Winnifred Thompson was born in 1886 in Germania, Ontario. Her parents were George and Zelia Thompson. She had two older brothers, Abe and Hector. Three more brothers followed after her: Wilfred John (Fred), Keith, and Howard George (Carl).
In 1904, Winnifred graduated from business college. In pursuit of a career, she was drawn to the west, just as many others were during this time. She was hired by the Winnipeg Grain Exchange and gained essential knowledge in grain marketing. She soon felt that she should continue on further west and in 1911 she came to Edmonton. A short time later she married Harold Ross. Six years later Harold was killed at Vimy Ridge and Winnifred was left widowed.
Winnifred and her three-year-old daughter Jeane moved south, to where her brothers Fred and Keith Thompson owned a farm near Millet. The farm was established in 1915 and started off as a mixed farming operation. Gradually, as a herd was developed, it became a dairy farm. Many changes came with the introduction of electricity and mechanization, but for many aspects of farm work their horses still remained essential. Like her brothers, Winnifred became involved in many community activities. She first became involved in the United Farm Women of Alberta. She started in the local Millet group but soon became the provincial director, a position she held for thirteen years. She then became provincial vice-president for six years and the provincial president for the following five years. Within the U.F.W.A., women were concerned with rural education. They felt the standards needed to be raised and more emphasis should be put on adult education.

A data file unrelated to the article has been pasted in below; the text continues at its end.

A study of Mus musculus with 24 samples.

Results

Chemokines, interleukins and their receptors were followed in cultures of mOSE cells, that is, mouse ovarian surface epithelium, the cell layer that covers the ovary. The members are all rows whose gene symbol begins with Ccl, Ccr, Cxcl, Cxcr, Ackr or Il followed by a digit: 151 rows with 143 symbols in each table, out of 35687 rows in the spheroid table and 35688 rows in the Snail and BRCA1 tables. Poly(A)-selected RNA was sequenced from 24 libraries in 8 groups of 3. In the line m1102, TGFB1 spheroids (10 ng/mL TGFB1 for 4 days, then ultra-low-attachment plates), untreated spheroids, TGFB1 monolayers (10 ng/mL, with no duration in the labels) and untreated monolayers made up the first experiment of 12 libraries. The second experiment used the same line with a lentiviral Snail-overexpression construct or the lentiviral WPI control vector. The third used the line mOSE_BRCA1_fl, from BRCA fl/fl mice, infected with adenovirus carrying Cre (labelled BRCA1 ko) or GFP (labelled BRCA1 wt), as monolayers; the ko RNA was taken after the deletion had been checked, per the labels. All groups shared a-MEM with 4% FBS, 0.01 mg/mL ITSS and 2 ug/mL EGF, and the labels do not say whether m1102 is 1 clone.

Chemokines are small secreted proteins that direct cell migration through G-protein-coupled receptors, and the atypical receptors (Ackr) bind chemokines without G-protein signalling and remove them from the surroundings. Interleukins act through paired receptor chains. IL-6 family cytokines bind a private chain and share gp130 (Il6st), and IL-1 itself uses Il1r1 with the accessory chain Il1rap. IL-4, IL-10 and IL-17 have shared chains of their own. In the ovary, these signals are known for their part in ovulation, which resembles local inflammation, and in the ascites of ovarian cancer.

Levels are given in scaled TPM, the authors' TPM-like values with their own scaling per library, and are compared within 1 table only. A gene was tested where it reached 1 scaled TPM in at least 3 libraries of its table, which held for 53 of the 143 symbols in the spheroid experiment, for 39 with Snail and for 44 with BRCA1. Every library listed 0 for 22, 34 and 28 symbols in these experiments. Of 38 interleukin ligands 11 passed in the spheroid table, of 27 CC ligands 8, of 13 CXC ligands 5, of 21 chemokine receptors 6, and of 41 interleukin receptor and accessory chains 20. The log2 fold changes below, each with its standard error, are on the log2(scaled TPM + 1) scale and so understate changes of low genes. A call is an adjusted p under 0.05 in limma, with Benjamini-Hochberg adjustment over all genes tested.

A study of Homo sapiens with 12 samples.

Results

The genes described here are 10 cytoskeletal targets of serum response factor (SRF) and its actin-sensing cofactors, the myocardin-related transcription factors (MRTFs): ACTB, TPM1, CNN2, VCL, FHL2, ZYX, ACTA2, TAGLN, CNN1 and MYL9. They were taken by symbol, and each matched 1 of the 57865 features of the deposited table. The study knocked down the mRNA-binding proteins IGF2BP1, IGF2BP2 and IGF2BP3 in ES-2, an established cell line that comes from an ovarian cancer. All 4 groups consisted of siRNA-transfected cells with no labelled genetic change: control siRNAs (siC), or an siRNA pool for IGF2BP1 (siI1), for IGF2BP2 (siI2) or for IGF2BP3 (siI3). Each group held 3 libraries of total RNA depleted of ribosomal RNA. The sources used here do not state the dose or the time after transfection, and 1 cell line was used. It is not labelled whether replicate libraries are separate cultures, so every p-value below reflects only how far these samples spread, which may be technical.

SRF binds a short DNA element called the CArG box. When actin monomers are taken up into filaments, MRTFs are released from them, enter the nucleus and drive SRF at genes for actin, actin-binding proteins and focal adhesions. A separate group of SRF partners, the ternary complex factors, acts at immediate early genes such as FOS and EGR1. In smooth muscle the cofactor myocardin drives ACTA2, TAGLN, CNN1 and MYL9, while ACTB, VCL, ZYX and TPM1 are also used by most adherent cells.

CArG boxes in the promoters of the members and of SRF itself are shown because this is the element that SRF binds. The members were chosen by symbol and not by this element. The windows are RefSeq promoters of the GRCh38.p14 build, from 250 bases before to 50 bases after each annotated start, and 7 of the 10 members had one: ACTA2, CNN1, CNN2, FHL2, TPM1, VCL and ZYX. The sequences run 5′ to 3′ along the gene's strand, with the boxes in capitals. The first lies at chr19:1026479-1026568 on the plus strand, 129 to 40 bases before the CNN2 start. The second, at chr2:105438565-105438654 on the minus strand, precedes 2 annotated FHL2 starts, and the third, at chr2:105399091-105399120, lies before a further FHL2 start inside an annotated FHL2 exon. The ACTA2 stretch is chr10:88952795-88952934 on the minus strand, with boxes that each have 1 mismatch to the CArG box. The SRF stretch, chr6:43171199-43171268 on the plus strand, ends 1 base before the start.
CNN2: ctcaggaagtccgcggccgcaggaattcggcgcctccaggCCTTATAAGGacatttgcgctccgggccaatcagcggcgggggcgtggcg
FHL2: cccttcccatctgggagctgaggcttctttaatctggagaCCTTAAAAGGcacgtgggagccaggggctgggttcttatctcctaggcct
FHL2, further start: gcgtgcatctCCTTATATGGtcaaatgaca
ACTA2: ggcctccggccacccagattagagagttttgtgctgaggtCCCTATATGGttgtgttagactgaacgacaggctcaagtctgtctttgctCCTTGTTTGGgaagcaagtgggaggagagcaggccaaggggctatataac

Winnifred became involved with many other organizations and sat on committees such as The National Farm Forum, The Canadian Research Committee on Practical Education, and the Schools of Agriculture advisory committee. From 1948 to 1954 Winnifred was on the Board of Governors for the University of Alberta. She was also influential in the Alberta Federation of Agriculture as well as the Canadian Federation of Agriculture. Winnifred found a new interest when she was appointed as vice-president of the Alberta Council of Child and Family Welfare. She also served on the Alberta Health Survey Committee. The effects of her work on this committee can be felt in Alberta’s Health Units today. From 1947-1970 Winnifred was also a member of the Board of Industrial Relations. Her role on the board was important because she could relate issues from the perspective of a rural Alberta citizen. In addition to all of these commitments Winnifred was still contributing to the operation of the Ross–Thompson farm. In 1967, Winnifred and her brothers made the decision to sell the family farm. They moved into a new home half a mile from Millet. Throughout much of this time Winnifred was in poor health. On October 1, 1974 Winnifred was inducted into the Agriculture Hall of Fame. Due to her poor health she was unable to attend. Her daughter Jeane Thompson attended in her honour. Winnifred Ross passed away a short while later in December 1974.